Reduce the #risk of being #hacked and avoid #online traps

Every click of a computer mouse and tap of our finger on our smartphones is putting us at risk of being hacked and more than ever, consumers are realizing the importance of cyber security and protecting themselves online.

Even ethical hackers will admit, they are not immune to the schemes of the bad guys, but they do say that avoiding the traps hackers set is actually very easy. It’s a matter of being security conscious and assuming the unknown is hostile.

The underground world of hackers seems like a terrifying place. Men and women huddled around computers, breaking through firewalls, passwords, and security protocol to access our information.

However, the men and women attending the 2017 GrrCon security event in Grand Rapids aren’t those kind of hackers, they are “ethical hackers”. They are the heroes who are outsmarting the bad guys.

“Every one of these people deserves a high five,” said GrrCon founder Christopher Payne. “These are the people that protect your data, protect your private information that you don’t want out there.”

Payne is a cyber security expert. He said the ethical hacking and collaboration that happens at GrrCon is key to staying ahead of the ever changing security landscape.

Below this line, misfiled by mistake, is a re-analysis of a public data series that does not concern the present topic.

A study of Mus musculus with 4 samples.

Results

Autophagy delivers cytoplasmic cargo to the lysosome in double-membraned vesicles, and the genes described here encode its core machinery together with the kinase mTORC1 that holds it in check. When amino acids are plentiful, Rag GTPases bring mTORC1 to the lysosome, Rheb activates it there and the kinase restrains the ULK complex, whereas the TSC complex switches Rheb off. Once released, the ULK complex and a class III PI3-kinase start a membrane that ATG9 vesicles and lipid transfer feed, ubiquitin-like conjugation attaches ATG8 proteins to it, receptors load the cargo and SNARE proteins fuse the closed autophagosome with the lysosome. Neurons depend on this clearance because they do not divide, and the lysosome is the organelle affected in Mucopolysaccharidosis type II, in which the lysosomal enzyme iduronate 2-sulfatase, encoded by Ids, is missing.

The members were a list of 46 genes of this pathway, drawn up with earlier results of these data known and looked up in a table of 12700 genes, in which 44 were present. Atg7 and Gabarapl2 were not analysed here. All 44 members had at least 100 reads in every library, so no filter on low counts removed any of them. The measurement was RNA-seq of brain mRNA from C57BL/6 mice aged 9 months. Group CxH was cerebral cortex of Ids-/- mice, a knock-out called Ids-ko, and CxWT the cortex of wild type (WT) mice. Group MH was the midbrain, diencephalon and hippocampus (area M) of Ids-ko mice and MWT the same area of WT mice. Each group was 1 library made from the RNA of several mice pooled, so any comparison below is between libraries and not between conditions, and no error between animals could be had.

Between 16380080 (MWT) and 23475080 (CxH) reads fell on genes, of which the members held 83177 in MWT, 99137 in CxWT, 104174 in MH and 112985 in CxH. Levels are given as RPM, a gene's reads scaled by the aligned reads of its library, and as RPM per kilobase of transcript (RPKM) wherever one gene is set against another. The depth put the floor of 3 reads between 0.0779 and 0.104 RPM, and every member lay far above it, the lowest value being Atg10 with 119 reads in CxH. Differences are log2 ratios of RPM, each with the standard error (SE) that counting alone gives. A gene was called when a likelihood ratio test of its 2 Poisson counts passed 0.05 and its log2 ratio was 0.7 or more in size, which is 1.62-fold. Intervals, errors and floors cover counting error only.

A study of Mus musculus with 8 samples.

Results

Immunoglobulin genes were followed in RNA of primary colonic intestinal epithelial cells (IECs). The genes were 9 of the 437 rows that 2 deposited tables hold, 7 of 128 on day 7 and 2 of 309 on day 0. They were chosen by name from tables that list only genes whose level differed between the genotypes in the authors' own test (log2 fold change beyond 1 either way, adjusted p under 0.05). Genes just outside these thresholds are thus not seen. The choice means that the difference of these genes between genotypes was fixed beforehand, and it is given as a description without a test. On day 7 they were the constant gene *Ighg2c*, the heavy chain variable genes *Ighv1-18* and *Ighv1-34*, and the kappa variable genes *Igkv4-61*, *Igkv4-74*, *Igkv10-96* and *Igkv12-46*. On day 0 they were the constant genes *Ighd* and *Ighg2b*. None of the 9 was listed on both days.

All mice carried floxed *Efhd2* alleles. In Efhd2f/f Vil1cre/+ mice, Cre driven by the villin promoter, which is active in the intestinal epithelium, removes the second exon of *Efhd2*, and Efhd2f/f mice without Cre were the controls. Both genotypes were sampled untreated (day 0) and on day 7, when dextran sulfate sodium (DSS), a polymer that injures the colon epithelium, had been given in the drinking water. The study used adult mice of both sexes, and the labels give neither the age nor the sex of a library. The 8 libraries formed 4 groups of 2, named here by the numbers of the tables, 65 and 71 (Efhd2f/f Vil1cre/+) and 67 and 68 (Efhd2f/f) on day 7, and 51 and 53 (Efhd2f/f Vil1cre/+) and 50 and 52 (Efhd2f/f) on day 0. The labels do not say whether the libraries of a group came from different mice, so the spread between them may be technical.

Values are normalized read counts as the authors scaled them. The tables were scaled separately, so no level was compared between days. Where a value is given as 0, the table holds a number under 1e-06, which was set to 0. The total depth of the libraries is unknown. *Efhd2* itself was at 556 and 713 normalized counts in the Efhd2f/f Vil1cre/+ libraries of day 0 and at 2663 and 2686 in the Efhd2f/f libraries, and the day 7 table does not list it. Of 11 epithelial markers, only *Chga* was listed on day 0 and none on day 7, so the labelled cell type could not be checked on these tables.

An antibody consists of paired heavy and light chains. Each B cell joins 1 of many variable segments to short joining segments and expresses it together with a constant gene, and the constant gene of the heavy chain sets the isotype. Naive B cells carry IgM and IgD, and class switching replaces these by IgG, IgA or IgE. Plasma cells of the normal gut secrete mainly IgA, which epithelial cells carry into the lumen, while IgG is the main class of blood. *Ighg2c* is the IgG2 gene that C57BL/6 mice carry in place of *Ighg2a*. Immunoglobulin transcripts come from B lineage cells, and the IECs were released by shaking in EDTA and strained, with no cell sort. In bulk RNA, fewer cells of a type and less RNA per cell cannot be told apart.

Newschannel 3’s Christine VanTimmeren asked Payne about the most common way businesses and individuals are hacked. His answer is, “phishing emails”.

“So they send an employee an email with a link in it. It fools them to click on it, then runs malicious software,” Payne said. “Some of [the hackers] are really good. They take time. They’ll get the real logos. They’ll get real emails and copy them word for word.”

The natural inclination of humans to trust emails that look safe is what hackers count on.

Payne said, “All it takes is one mental error. Click on the wrong thing and it’s over.”

Another way consumers are targeted is through Wi-Fi networks.

Don’t assume your favorite coffee shop’s Wi-Fi is secure, and Payne said don’t ever do banking or other sensitive work on a public network.

“You don’t know that network. You don’t know who’s on it. You don’t know who’s watching it. You don’t even know who set it up,” he said.

Finally, experts say the importance of using complex passwords and changing them regularly cannot be overstated.

Payne said, honestly, if you do anything to protect yourself, doing just these two things would force hackers to find a new avenue.

“If people could just be more cautious of what they click on and then don’t reuse the same password over and over again, we’d be way ahead,” he said.

Security experts also warn people about phishing scams through text message.

If you receive a text from a number you don’t recognize that has a link or phone number in the message, do not click on the link and do not call the number. If someone legitimate needs to get a hold of you for something important, they’ll find alternative ways to do so.